After experiencing or witnessing a frightening or traumatic event it is common for people to experience strong physical feelings and emotions and/or to find that they are behaving differently. This may happen straight away or for some people it may be several weeks or months later that reactions occur. These are normal and for the majority of people they start to fade and settle down within a few months.”
The problem arises if emotional shock triggers previous life trauma, anxiety we already suffer, or if it evolves into a more serious mental health issue.
1. You feel afraid.
Something has happened that you didn’t expect, weren’t prepared for, and couldn’t prevent happening. Suddenly, life feels dangerous and unpredictable. If you are already an anxiety sufferer, you might find yourself with anxiety attacks.
2. You cannot think straight.
You might feel as if your brain has turned to mush, or you have ‘brain fog‘.
Life might even feel unreal, as if you are disconnected and floating slightly outside of your body, watching yourself carry on doing things.
3. You are experiencing physical side effects.
When your brain decides that there is ‘danger’ around, it triggers the primal ‘fight, flight, or flight’ response. This sends a cocktail of chemicals and hormones through your body that can manifest as things like a racing heartbeat, muscle tension, headaches, stomach upset, and random aches and pains.
Sleep is often affected when we experience stressful things. Insomnia is common. Although for some people stress makes them sleep more than ever, even if perhaps it is a disturbed sleep, full of dreams.
5. You are all over the place.
When the mind is struggling to make sense of a difficult situation? It doesn’t leave much headspace to deal with everything else that needs our attention.
And the stress of a shock can make us illogic and emotional. In one moment we think,
“I am bigger than this” and we feel powerful. In the next we are lost to victim thinking, feeling sorry for ourselves and crying.
There can also be a cycle of guilt (it’s all my fault), shame (what will people think) and blame (I hate them for doing this to me).
6. You feel like – and are acting like – someone else entirely.
You could suffer a bit of a temporary personality change after a shock. If you are usually social, you might just want to be alone and hide out at home. Or if you are often the sort to take time out by yourself and be practical, you might find yourself going out every night, drinking when you usually don’t, or doing things like compulsive shopping.
7. Things just seem, well…. pointless.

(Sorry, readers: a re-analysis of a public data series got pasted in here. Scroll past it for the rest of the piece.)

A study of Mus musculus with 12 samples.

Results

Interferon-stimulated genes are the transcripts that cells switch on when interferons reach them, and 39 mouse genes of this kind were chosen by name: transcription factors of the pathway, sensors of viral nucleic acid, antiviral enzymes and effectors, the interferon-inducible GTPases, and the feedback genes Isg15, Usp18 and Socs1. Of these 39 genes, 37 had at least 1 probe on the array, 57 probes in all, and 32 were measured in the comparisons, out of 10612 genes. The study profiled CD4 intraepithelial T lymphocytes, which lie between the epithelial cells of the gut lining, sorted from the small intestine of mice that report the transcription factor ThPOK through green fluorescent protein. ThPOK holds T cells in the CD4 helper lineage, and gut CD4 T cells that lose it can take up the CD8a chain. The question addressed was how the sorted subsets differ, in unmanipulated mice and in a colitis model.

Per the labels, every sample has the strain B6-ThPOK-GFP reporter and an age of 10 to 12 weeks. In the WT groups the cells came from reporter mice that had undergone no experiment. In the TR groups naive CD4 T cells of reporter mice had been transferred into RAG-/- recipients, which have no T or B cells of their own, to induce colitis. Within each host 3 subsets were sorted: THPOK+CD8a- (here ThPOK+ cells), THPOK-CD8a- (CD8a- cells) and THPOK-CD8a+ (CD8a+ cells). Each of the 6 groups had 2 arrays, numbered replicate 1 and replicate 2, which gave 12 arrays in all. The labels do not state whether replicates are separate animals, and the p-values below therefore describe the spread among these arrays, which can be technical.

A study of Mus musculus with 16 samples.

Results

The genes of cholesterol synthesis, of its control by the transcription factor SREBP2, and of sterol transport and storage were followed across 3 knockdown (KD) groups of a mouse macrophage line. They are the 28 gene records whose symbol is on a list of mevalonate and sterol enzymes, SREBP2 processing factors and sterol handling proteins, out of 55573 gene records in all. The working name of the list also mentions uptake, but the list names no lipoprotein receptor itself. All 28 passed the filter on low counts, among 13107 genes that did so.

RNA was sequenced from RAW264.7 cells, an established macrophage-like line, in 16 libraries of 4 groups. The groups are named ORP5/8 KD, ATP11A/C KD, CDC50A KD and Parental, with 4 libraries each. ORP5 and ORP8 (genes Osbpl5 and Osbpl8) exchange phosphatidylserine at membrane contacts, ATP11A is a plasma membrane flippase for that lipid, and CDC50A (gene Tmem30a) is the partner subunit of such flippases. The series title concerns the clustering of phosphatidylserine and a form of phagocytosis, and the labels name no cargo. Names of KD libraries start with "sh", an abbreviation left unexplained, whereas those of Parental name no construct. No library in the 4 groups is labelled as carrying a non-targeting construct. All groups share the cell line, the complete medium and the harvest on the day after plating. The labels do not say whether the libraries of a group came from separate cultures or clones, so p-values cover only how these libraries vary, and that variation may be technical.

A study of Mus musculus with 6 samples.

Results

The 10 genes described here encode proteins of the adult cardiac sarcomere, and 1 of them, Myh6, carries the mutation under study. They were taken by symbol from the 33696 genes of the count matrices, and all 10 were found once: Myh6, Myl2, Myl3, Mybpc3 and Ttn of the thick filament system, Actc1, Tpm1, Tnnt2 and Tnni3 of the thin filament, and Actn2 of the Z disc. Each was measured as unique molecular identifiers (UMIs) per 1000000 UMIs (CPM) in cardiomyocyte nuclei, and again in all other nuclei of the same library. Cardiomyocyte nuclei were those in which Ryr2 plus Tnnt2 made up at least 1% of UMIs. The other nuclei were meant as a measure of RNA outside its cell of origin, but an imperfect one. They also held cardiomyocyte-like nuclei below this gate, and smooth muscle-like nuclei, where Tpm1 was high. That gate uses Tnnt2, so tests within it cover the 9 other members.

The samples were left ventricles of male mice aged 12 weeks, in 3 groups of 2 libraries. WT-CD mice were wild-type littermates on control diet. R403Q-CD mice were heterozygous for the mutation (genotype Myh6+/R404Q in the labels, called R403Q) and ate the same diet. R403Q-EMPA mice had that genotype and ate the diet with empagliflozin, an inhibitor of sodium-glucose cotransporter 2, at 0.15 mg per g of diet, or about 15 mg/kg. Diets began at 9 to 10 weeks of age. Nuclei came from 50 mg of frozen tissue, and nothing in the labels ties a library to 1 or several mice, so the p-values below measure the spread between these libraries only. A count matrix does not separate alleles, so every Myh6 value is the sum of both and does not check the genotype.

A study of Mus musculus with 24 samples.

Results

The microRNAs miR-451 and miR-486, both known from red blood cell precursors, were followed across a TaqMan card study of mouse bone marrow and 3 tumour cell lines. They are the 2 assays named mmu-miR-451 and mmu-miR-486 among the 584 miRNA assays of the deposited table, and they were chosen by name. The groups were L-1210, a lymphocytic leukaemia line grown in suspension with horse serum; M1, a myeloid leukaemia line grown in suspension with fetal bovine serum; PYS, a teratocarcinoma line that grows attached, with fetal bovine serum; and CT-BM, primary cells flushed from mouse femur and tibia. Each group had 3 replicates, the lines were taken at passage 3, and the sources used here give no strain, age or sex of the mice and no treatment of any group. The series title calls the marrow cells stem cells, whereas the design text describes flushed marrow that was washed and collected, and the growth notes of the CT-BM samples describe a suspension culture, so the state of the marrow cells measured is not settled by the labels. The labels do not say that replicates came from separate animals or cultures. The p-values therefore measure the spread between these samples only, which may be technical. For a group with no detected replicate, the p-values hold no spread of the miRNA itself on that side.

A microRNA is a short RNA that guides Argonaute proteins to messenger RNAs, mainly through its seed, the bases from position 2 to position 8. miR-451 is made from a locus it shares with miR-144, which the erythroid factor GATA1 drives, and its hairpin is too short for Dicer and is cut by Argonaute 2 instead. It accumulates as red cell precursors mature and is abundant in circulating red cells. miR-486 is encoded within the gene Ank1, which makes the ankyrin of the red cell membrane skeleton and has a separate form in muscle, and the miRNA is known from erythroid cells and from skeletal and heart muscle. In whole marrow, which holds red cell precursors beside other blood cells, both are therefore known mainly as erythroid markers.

When something happens that leaves us deeply upset, life can temporarily lose its meaning. We can have negative thoughts like, ‘Why bother, when everything is just going to go wrong?”.
WHEN WILL MY EMOTIONAL SHOCK STOP?
Traumatic experiences will interact with your personal vulnerabilities and previous difficult experiences.
This means you will have your own unique time line for getting over shock. If, for example, you already lost your job this year and now have had an accident that left you injured, you might take more time to feel better than someone who just had an injury.
So some people recover from emotional shock in several hours. Others in several days, some in several weeks. And for some, depending on what they go through, shock can even go on for six weeks or more.
Note that it is also possible to experience ‘delayed’ emotional shock. So you might think an event has not upset you, only to feel symptoms days or weeks later.
It’s months later and I STILL feel bad
Is it months after the fact, and you still are having symptoms like the above? And are your reactions to things bigger than logic? Do you find, for example, you are in an absolute rage over someone taking your parking spot, or crying just because a shopkeeper overcharged you?
It’s possible that you have developed acute stress disorder or even post-traumatic stress disorder. This can happen if your shocking experience triggered old, unresolved experiences, or was just simply too shocking for your exact brain to process.
The important thing with psychological shock is to be gentle with yourself and not judge yourself. There is not a ‘right’ or ‘wrong’ way to respond to traumatic events, and we all deal with things differently and get better within our own timeline. What matters is that you allow yourself the time to heal, practise good self-care, and get support if you need it.